Title

Ruiru Bridge Design

Format

SOECS Senior Project Demonstration

Faculty Mentor Name

Gary Litton

Abstract/Artist Statement

Nestled at the base of the Great Rift Valley escarpment in Kenya, the Ruiru community is fenced in by several streams, which during the rainy season can become quite hazardous. The result of these hazards has been the annual loss of various livestock, and tragically two human lives as well. The approach taken by KBD, Inc. was to begin gathering project site information from a completed feasibility report and to collaborate with professionals, professors, and local contacts to understand the project scope. The challenges faced due to this approach were many including severely slow response from Kenyan contacts, the omission of certain critical data including design codes and stone characteristic information, and the coordination of a project site which can only be imagined and not seen. Solutions to these challenges presented themselves by reverting to historically "tried-and-true" engineering techniques, using US design codes, and contacting multiple resources to ensure data was gathered. In the few cases wh~re data was consistently unavailable, such as with the hydrologic analysis, executive decisions were made by the design team based on available information. As a result, our project team has successfully designed a seventy-foot, single-lane, Roman-arch stone bridge which will equip the local residents with not only the economic and educational freedoms taken for granted in other communities, but it will also allow further economic expansion as stone houses will be able to be built on and tractors will be able to be used on the farmland. The bridge uses three arches: one main, central arch with an eight-foot radius and two, smaller arches with a three-foot radius. The base weight of the bridge is 235,000 kilograms and can support a load of three fifteen-ton trucks. The watershed of our project area is estimated to be 5.36 mi2 with a 500-year, 24-hour design storm producing 350 cfs flow. The total project cost is estimated to be $65,000 with a construction time line of 53 days. The enviromnental impacts ofthisproject are zero impact, and the economic restrictions will be removed allowing positive growth in the area. In conclusion, our design project has met and exceeded both project criteria and stakeholder desires.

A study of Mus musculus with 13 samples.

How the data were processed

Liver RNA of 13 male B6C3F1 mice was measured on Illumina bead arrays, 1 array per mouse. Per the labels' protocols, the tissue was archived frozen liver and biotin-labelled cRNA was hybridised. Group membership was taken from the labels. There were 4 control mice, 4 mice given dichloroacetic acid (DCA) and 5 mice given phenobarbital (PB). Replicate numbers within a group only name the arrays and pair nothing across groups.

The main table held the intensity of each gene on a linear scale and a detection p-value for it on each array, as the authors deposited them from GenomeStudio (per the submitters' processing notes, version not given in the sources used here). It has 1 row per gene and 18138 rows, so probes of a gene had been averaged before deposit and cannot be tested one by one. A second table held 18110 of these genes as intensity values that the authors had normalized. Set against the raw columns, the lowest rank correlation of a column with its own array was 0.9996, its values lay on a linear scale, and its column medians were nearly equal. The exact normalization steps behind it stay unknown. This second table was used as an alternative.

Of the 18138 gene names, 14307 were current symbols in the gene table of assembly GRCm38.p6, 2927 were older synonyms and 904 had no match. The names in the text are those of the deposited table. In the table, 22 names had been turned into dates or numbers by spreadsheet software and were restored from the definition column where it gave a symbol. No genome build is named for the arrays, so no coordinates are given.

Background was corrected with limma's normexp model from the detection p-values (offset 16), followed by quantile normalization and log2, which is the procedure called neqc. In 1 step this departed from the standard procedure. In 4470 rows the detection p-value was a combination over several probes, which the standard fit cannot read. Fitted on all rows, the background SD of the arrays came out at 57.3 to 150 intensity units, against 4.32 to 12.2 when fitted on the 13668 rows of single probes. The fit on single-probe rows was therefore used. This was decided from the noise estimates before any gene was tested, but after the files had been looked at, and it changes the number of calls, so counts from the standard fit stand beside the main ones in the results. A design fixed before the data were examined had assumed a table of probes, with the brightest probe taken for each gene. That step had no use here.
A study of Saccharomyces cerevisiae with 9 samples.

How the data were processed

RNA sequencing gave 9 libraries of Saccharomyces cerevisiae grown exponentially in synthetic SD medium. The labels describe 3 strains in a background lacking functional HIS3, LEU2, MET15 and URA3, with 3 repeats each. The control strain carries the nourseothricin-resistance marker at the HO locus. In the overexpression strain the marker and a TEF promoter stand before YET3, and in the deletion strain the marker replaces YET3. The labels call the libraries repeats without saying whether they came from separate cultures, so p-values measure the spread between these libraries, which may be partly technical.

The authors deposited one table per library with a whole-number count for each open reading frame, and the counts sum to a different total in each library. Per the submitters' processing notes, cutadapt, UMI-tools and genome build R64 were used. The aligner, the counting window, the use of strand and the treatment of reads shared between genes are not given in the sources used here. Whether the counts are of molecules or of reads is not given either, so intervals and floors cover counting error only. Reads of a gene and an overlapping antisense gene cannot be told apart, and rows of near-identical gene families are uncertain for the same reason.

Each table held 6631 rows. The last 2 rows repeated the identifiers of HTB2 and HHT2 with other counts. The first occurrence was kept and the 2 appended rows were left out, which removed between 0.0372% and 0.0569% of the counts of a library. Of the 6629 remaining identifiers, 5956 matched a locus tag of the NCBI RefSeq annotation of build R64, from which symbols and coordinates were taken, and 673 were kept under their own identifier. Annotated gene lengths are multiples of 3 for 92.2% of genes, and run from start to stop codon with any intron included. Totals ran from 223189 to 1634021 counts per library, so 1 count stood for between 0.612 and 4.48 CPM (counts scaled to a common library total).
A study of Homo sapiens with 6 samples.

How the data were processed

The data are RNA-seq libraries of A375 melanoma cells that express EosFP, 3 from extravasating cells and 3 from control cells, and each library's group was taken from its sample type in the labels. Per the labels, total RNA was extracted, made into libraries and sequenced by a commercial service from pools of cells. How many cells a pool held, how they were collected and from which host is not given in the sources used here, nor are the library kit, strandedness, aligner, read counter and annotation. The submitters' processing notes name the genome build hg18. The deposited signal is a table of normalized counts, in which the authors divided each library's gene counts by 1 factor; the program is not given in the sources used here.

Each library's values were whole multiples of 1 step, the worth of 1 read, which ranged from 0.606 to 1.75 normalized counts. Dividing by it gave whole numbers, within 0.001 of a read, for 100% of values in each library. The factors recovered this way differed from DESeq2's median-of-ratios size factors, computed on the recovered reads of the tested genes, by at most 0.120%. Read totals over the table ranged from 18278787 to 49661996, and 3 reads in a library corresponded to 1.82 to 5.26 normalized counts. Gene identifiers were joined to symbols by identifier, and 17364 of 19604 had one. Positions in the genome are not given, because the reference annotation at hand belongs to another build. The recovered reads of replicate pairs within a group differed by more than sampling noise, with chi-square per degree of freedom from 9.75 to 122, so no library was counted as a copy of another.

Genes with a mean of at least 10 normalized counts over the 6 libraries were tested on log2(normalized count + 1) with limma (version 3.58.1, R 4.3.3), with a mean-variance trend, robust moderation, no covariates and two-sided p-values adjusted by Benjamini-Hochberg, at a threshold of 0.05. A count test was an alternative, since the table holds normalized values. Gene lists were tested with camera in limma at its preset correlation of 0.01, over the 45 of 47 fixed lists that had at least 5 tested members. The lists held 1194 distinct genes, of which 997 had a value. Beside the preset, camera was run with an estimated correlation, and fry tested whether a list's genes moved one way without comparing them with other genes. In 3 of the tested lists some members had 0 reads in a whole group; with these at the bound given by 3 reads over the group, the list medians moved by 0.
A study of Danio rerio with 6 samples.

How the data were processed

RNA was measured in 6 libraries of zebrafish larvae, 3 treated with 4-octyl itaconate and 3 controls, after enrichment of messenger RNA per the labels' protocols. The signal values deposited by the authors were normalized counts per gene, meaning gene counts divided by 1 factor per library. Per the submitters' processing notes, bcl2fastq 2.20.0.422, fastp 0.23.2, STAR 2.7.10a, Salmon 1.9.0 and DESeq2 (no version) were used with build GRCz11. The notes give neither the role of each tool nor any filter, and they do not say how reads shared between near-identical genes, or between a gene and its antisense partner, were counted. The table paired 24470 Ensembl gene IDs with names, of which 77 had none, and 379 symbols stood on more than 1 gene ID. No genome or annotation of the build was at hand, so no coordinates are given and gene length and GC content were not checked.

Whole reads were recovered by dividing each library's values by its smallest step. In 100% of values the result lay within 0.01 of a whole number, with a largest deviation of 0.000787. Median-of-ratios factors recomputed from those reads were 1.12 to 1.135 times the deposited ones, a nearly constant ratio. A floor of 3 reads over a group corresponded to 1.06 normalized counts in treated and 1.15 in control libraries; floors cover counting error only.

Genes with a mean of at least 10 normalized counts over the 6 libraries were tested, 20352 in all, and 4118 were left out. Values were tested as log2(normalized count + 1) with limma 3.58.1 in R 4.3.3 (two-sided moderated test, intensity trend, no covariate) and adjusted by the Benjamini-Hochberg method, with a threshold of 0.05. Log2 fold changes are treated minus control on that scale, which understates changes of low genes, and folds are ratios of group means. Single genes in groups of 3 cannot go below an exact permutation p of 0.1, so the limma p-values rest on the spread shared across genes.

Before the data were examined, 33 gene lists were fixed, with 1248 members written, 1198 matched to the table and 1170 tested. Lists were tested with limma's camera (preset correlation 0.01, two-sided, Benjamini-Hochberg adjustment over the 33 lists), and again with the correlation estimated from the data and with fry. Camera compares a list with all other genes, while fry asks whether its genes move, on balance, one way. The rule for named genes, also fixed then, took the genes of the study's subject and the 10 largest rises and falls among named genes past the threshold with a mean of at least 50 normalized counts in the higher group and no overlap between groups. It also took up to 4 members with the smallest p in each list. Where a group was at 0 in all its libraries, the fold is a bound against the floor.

Location

School of Engineering & Computer Science

Start Date

3-5-2008 2:00 PM

End Date

3-5-2008 3:30 PM

This document is currently not available here.

Share

COinS
 
May 3rd, 2:00 PM May 3rd, 3:30 PM

Ruiru Bridge Design

School of Engineering & Computer Science

Nestled at the base of the Great Rift Valley escarpment in Kenya, the Ruiru community is fenced in by several streams, which during the rainy season can become quite hazardous. The result of these hazards has been the annual loss of various livestock, and tragically two human lives as well. The approach taken by KBD, Inc. was to begin gathering project site information from a completed feasibility report and to collaborate with professionals, professors, and local contacts to understand the project scope. The challenges faced due to this approach were many including severely slow response from Kenyan contacts, the omission of certain critical data including design codes and stone characteristic information, and the coordination of a project site which can only be imagined and not seen. Solutions to these challenges presented themselves by reverting to historically "tried-and-true" engineering techniques, using US design codes, and contacting multiple resources to ensure data was gathered. In the few cases wh~re data was consistently unavailable, such as with the hydrologic analysis, executive decisions were made by the design team based on available information. As a result, our project team has successfully designed a seventy-foot, single-lane, Roman-arch stone bridge which will equip the local residents with not only the economic and educational freedoms taken for granted in other communities, but it will also allow further economic expansion as stone houses will be able to be built on and tractors will be able to be used on the farmland. The bridge uses three arches: one main, central arch with an eight-foot radius and two, smaller arches with a three-foot radius. The base weight of the bridge is 235,000 kilograms and can support a load of three fifteen-ton trucks. The watershed of our project area is estimated to be 5.36 mi2 with a 500-year, 24-hour design storm producing 350 cfs flow. The total project cost is estimated to be $65,000 with a construction time line of 53 days. The enviromnental impacts ofthisproject are zero impact, and the economic restrictions will be removed allowing positive growth in the area. In conclusion, our design project has met and exceeded both project criteria and stakeholder desires.